We might sometimes think that we don't really need maths, but we are using it all the time, often without realising it!

Just think about going to the shops. We need to make sure we have enough money to buy the things we want and check we are given the correct change!

What about playing a board game - we need to be able to add up the scores!

These are just two examples of how we use maths every day.

In this activity, we are going to practise using **addition **and **subtraction **to answer everyday word problems.

In some of the questions we will have to do **more than one calculation,** so reading the question carefully is very important!

**Example**

John and Carl take part in a competition to see how many books they can read over the summer.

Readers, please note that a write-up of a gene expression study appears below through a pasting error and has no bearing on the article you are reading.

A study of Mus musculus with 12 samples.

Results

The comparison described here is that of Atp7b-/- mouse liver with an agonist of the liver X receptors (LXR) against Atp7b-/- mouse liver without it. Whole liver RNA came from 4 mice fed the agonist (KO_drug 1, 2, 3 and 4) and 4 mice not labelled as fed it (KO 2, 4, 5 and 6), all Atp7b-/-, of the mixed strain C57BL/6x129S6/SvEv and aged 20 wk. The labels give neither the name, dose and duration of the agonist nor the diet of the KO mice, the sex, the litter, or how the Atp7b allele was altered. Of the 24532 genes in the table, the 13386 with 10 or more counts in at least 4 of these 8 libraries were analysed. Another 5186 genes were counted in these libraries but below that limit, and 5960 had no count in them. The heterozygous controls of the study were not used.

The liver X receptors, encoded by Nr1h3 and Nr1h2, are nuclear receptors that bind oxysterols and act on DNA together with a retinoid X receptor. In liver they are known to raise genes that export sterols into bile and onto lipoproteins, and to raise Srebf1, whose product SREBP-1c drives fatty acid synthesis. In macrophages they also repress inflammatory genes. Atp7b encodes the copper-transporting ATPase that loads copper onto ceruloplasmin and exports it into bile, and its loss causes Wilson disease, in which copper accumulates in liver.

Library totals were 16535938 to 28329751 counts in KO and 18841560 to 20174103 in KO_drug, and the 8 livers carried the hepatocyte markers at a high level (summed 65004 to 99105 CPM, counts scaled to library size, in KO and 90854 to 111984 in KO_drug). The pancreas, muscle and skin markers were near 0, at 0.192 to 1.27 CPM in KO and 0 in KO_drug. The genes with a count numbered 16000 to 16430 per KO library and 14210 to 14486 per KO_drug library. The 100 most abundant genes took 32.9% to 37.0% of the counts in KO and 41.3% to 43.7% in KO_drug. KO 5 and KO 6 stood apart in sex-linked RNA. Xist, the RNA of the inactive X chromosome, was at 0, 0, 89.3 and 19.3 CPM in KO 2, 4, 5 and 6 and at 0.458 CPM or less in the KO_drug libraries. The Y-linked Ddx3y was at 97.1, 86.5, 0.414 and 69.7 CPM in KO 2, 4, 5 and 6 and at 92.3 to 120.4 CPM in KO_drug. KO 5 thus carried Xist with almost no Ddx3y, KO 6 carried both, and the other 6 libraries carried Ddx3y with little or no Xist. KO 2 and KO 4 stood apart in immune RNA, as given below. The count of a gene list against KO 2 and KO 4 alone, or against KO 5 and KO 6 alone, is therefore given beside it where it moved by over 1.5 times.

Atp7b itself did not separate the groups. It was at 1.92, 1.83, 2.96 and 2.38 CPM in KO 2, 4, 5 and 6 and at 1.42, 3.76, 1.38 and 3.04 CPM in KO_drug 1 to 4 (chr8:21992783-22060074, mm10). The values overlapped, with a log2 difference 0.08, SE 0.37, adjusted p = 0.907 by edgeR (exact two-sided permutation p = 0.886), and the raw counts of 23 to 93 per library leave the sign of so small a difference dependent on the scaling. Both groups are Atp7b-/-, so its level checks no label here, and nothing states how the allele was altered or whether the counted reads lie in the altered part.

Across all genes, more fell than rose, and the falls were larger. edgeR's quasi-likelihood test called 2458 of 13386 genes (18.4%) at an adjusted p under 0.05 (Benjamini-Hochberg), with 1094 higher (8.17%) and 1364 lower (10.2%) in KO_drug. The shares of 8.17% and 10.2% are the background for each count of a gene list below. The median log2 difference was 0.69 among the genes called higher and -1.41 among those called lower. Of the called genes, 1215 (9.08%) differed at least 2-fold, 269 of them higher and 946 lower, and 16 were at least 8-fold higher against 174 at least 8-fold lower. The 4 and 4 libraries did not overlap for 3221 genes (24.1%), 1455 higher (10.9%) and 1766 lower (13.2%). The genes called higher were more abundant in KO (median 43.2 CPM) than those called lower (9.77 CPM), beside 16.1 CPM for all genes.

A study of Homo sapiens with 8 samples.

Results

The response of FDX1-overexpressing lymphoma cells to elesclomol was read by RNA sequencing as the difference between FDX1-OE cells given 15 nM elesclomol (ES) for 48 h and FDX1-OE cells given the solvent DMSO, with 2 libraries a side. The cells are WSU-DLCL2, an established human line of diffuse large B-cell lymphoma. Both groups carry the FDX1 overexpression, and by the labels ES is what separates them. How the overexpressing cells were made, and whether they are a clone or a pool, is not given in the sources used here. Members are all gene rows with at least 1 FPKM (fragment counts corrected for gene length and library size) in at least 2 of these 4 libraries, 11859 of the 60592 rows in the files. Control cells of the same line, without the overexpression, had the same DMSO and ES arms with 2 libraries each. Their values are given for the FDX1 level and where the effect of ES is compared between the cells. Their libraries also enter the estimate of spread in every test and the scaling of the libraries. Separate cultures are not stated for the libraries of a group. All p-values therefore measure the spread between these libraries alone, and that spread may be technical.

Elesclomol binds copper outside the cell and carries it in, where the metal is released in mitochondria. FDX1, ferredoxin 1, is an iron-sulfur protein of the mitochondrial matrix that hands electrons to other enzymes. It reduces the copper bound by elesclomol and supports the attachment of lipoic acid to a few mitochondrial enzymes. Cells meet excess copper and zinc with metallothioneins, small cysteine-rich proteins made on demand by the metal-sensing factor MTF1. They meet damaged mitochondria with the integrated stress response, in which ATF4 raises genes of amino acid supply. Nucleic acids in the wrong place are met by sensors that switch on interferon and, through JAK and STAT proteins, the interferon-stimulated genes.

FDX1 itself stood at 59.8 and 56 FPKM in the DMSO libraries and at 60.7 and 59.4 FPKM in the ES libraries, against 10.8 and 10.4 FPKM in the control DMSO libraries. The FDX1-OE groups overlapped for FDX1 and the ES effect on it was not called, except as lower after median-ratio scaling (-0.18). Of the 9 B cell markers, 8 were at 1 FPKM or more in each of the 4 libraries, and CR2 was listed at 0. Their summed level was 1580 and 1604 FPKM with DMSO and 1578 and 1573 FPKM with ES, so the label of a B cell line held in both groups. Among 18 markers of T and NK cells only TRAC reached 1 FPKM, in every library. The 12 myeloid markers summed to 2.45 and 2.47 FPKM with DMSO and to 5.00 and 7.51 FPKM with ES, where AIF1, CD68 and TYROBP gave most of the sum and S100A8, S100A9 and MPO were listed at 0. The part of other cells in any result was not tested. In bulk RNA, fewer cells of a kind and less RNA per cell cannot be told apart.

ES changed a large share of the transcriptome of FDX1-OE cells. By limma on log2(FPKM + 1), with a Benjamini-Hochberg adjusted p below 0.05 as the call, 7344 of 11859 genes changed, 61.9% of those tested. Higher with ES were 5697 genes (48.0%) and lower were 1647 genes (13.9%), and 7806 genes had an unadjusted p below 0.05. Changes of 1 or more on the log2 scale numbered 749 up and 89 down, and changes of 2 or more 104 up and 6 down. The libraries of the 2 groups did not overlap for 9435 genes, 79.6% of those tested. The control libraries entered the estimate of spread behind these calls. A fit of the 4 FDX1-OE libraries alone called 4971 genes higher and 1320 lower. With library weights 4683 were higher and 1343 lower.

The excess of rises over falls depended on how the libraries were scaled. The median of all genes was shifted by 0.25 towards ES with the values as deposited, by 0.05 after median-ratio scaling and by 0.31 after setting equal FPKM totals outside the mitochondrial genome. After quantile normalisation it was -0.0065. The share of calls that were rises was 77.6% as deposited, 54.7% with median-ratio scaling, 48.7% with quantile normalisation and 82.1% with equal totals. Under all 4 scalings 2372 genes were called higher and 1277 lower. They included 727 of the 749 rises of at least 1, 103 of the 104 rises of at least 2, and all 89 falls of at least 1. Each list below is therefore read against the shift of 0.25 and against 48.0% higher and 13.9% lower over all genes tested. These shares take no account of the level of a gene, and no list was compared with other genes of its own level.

John reads 16 and Carl reads 22.

**How many more** books did Carl read than John?

First, we need to identify the key information.

**John** reads **16**

**Carl** reads **22**

The question asks us **how many more** books Carl has read, so we need to** find the difference**, which means **subtraction**.

**22 - 16 = 6**

Carl read** 6 more** books than John.

Now let's look at another example, but this time we need to do more than one calculation!

Pens cost **50 pence each **and** **pencils cost** 25 pence each**.

How much would **3 pens and 2 pencils cost altogether**?

First, we need to work out the cost of **3 pens**.

50 + 50 + 50 = 150 = £1.50 (150 pence is the same as £1.50)

Next, we work out the cost of **2 pencils.**

25 + 25 = 50p

Finally, we **add together the two totals.**

**£1.50 + 50p = £2.00 (200 pence)**

The total cost is** £2**

Now, why don't you have a go at some questions like these?

Remember to read the question carefully and highlight the important information!